Kendall College commissioned the study in part to illustrate the importance of craft beer as well as to show significance of craft beer in consideration for higher education. Knowing craft beer can be a leg up when running a restaurant or hotel or events business. Traditional hotel management and other hospitality programs may want to consider adding curriculum about craft beer to better prepare their students for the reality in the workplace. It seem Kendall College is helping pave the way to include this sort of craft beer education. Which while weird to me is quite exciting.
Kendall’s representative wanted to say a few words about the infographic and its origin. Give it a read and the associated article on Kendall College’s blog. And consider how awesome your college experience would have been with classes such as those listed below. God knows that sounds like homework I might want to actually work on nightly.
- Introduction to Wines, Beer and Spirits
- Intermediate Wines
- Advanced Wine Knowledge
- The Business of Beverage Management
- Beer and Fermentation
- Spirits and Mixology
As real draft connoisseurs move away from flavored malt beverages to embrace real brews with distinctive taste and complexity, the craft beer industry is exploding to match the demand. By 2020, authentic artisan beer by small breweries will command 15 percent of the beer industry, after having a mere 4.4 percent of the market just five years ago. Currently, 36 percent of people who buy beer are drinking the craft variety. Among the young set, aged 24 to 34, craft beer is ranked as better than the bland, light-hued mass-brewed varieties that dominate the mainstream.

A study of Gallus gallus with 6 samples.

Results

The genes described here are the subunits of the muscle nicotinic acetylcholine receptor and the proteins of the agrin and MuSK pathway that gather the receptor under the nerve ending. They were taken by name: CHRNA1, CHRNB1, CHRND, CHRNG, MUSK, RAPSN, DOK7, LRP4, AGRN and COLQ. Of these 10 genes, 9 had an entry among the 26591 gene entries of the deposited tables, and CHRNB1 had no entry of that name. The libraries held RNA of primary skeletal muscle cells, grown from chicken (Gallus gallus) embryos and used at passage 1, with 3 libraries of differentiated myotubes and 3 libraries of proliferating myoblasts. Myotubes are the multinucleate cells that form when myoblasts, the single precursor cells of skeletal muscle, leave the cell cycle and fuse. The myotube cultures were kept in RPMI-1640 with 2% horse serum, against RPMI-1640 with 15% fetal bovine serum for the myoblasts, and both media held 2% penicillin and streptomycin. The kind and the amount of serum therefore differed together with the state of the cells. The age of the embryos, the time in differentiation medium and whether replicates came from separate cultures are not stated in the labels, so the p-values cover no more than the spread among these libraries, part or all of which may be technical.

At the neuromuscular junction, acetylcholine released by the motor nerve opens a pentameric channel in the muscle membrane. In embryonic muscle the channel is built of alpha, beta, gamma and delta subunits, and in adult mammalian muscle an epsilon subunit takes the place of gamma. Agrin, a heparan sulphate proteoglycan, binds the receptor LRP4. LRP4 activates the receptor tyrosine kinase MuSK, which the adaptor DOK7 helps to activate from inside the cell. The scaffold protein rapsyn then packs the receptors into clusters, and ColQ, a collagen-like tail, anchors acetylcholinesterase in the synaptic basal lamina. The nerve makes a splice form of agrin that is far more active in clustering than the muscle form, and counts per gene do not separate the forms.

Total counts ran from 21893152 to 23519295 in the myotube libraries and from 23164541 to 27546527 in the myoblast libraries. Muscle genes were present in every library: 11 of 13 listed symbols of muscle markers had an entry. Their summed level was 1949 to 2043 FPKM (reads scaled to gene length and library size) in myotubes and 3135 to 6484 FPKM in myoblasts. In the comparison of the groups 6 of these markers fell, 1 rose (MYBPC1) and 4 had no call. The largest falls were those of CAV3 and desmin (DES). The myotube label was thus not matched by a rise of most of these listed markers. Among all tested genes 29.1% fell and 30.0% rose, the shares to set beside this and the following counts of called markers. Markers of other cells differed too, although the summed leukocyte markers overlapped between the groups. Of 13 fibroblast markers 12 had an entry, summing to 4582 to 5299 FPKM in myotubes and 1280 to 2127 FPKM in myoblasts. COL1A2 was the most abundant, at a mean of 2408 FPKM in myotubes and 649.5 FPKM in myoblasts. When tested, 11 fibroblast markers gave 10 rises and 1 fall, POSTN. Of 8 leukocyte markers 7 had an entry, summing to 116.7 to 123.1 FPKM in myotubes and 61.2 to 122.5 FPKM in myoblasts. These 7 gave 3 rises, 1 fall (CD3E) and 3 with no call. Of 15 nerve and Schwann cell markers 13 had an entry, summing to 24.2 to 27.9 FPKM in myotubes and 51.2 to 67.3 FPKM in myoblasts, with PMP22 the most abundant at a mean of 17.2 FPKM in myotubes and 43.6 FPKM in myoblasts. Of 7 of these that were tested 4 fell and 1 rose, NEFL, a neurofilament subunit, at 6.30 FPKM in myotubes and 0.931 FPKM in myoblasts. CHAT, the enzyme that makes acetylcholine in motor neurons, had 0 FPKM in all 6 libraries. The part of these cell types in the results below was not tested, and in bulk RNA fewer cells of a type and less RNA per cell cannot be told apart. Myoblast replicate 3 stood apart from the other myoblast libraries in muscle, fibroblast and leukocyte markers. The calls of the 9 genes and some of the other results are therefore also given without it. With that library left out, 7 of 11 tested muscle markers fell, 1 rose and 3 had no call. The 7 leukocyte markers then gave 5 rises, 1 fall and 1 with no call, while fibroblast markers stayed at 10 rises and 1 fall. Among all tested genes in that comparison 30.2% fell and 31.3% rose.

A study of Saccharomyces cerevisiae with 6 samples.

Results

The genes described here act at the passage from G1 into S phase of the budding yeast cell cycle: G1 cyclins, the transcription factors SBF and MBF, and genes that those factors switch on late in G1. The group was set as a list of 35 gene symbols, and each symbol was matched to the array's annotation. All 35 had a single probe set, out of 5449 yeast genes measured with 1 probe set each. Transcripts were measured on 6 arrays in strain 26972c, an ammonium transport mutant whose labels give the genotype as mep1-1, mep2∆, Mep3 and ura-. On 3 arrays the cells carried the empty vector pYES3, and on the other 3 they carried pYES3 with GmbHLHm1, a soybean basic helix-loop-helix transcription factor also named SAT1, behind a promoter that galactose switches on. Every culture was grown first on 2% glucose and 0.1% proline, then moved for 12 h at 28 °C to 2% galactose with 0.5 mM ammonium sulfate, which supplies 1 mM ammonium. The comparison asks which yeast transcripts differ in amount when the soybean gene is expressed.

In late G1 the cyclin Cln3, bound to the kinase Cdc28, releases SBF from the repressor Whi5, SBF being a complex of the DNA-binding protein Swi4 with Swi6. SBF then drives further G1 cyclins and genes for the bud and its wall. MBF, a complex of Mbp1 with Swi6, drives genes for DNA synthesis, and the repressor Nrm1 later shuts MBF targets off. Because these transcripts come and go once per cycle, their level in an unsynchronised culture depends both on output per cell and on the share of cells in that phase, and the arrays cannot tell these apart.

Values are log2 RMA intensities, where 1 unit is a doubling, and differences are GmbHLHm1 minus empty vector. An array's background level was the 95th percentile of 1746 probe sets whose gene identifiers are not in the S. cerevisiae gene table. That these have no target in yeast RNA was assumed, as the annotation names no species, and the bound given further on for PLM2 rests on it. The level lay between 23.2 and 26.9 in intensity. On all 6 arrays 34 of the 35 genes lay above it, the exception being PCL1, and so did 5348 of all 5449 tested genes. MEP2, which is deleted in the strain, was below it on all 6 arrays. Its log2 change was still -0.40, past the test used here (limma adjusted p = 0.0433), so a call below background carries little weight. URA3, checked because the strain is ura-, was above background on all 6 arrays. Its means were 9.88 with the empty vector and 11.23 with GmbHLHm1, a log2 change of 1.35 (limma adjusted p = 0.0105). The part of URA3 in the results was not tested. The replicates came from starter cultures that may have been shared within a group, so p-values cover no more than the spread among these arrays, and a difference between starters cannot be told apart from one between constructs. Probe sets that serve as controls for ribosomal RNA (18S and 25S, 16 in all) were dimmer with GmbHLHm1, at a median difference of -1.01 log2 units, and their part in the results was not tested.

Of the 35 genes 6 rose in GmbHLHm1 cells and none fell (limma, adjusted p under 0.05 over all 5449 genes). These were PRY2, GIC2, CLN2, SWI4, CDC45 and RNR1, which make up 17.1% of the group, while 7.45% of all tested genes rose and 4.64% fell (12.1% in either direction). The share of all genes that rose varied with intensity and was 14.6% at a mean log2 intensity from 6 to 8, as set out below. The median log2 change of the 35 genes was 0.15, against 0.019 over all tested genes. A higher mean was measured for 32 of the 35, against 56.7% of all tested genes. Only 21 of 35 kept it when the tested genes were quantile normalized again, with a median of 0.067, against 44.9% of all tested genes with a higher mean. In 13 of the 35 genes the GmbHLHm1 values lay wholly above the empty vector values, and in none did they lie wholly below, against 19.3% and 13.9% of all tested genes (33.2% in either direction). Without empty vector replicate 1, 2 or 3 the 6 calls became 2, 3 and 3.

Interestingly, only a third of baby boomers prefer craft beer. Boomers were just reaching drinking age when the home brewing hobby phase of the 1970s was being phased out and replaced with big brands that watered down the brewing process and made beer culture less interesting. Millennials are bringing the classic brew and the love for craft back. However, this trend goes beyond Millennials. The reach of craft beer is touching every demographic as more people become familiar with the fact that there are more sophisticated options. Forty-five percent of people confess they would try a craft choice if they had more knowledge about them.
New to craft beverages? The best way to savor one is to pair it with complementary food that brings out the subtle layers of flavor, as one would do with wine. Whether you’re eating casual pub food or more elevated fare, there’s a unique beer that can match nicely. For starters, a bountiful salad goes well with a spicy Saison beer, which has fruity undertones. If eating Asian cuisine, such as sushi, try an ale brewed from wheat. Curry and other Indian dishes go well with the delicate notes of an Indian Pale Ale (IPA). Comfort staples like the classic American cheeseburger or the grilled cheese sandwich calls for a dark brew, such as Irish red ale and brown ale, made from brown malt.
Try a chocolate stout with a succulent chocolate cake. For other desserts like pumpkin pie, a barley wine goes nicely. The name is a misnomer. A barley wine is still a beer, but simply rivals the alcohol content of wines at a 12 percent rate. Its existence dates back to ancient Greek days.
The popularity of craft ales have fueled the expansion of microbreweries and bars catering to beer purists. These places carry a wide assortment of classically fermented ale, which gets its flavor solely from quality natural ingredients and the brewing process — without chemical flavor enhancements or filtering. These places have created a demand for workers in the beverage industry. In 2012, there were 2400 breweries with more on the horizon. Craft breweries haven’t been this plentiful since the 1880s when people were mixing up independent beer in their backyards. According to Kendall College statistics, more than 103,500 jobs for bartenders, servers and others have been created as a result.
If you want to initiate yourself into the craft culture and try a few beers yourself, check out the new location of the Siebel Institute at Kendall College. It’ll have an in-house brewery and classes on the art and history of artisan beer.